Contemporary Art

During the peak of the Italian Renaissance, artists were sweeping across the country and creating masterpieces that were deemed irrevocably timeless. Masters such as Leonardo di Vinci, Michelangelo, and Raphael were names that presented paintings and sketches, defining a word that is argued endlessly today: art.

But really, what is art? Certainly da Vinci and Michelangelo weren’t the ones who gave meaning to it (although, undoubtedly, the Sistine Chapel and Mona Lisa probably comes to mind at first thought). Years prior to the Renaissance were the sculptures of the Mesopotamian peoples and the Egyptian pyramids of Giza. Its popularity truly exploded during the medieval days; from there, art was then categorized into Neoclassicism, to Realism, to Modern.

Then there is Contemporary art.

Realize there is a valuable difference between Modern and Contemporary art. Modern art generally began in the early 19th century and ended around the late 1960s or 70s. It was given the name ‘modern’ because it didn’t fit into the previously categorized styles.

Contemporary, simply, is anything created by the present day.

Consequently, a certain freedom is born. Deeming ‘anything’ created during the present day and considering it contemporary (due to the social impact) gives individuals a tremendous liberty to experiment with every style imaginable.

Looking briefly back upon the history and definitions of art, we can reconsider our original question and finally ask: is contemporary art really art?

Contemporary art enthusiasts argue in defense of the strange and erratic creations. Of course the works of today aren’t going to be like the ones of the Renaissance; as the times change, so does art. It can be a form of self expression while simultaneously covering the different characteristics and issues of society. By taking what’s inside them, they are fueled to create; and, as a result, any creation is art.

Refuters will oppose the thoughtless works, claiming it is too far beyond its boundaries. If anything can be considered art, how does it have any value? If it is easily imitated and doesn’t require any talent, is it true art, or simply a case of the emperor’s new clothes?

In order to evaluate what true art is, we have to realize that it can’t be simply anything.

English philosopher Roger Scruton claims the art world is full of fakes, but, even today, true art does remain.

So where do we look?

“Official patronage inevitably favors works that are arcane, excruciating or meaningless over those that have real and lasting appeal”. What appeal, and where do we find it? Scruton goes on to further describe three words that will judge a true work of art: beauty, form, and redemption.

The times have changed. No-one can disagree. But art was always used to draw beauty, physically (by the image drawn) or mentally (something to ponder). Even the statues of ancient Mesopotamia may be considered ugly, but they were used to portray someone of undying elegance and flattery.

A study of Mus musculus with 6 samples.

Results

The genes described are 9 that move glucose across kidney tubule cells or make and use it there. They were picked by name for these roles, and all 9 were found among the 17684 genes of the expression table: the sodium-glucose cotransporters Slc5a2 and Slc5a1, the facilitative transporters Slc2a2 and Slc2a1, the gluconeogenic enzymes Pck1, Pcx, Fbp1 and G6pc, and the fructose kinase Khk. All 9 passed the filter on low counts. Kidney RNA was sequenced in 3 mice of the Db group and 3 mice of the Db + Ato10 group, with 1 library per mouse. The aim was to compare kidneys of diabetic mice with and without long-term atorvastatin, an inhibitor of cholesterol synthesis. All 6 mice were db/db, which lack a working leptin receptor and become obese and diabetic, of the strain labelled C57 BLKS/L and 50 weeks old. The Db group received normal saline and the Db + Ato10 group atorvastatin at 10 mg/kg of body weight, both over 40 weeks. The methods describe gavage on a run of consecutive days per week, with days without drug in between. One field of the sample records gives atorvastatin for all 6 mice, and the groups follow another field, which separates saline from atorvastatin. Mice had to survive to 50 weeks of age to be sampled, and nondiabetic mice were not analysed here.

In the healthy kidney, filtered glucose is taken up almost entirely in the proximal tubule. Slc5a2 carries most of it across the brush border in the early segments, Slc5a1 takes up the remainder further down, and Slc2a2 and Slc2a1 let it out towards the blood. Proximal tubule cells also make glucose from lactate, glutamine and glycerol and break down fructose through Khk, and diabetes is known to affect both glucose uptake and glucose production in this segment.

But, even more, it exceeds just appearance. Beauty demands to be noticed, and is impossible to ignore.

In form, art conveys emotion the way a symphony would. Logically and order present itself in such a way that the viewer (or listener) can understand. Rather than seeming mathematically frigid, however, it is full of raw, authentic emotion.

Scruton goes on to say, “In art, beauty has to be won and the work is harder as the surrounding idiocy grows. But the task is worth it.”

Redemption, lastly, is fulfillment. Sorrow, death, and heartbreak are poignant but not meaningless when presented in the form of tragedy. Suffering isn’t pointless, but can be part of a redeeming whole. Scruton finishes by asserting. “Tragedies show us the triumph of dignity over destruction and compassion over despair…it is the face of love, shining in the midst of desolation. The poems of Akhmatova, the writings of Pasternak, the music of Shostakovich-such works shone a light in the totalitarian darkness, and showed love in the midst of destruction.”

Therefore, styles of art have changed; the definition, unquestionably, has not. There are some forms of art today that produce the beauty, form, and redemption the classics have possessed in the past.

The great freedom individuals have been given, allowing them to produce practically anything, and calling it art is degrading the crux of originality. These individuals are not artists: they are cons who have taken advantage of certain civil liberties by producing fake works and placing a price tag on them.

True artists are passionate, driven, creative, obsessive about their work, and understand the meaning of appeal and authenticity.

From this perspective, we can recognize a fake created by a con from a masterpiece formed from the hands of an individual with a fervent fire for skill and imagination.

This article was written by McKenna Vietti, a writer for dusk magazine.


About mckennajanev (16 Articles)
Student, pursuing a journalism career, and dreaming about traveling the world; servant for Christ. Aside from writing I love literature, films, the theater, and my Rottweiler, Raider. :)

1 Comment on Contemporary Art

  1. I really think that art no longer exists as something valuable in itself. Only a market can create art and the artist has declined to being a walking advertisement for himself. Of course others take up where he leaves off. It takes me back to the unreality of high school popularity. The prom queen and the football star.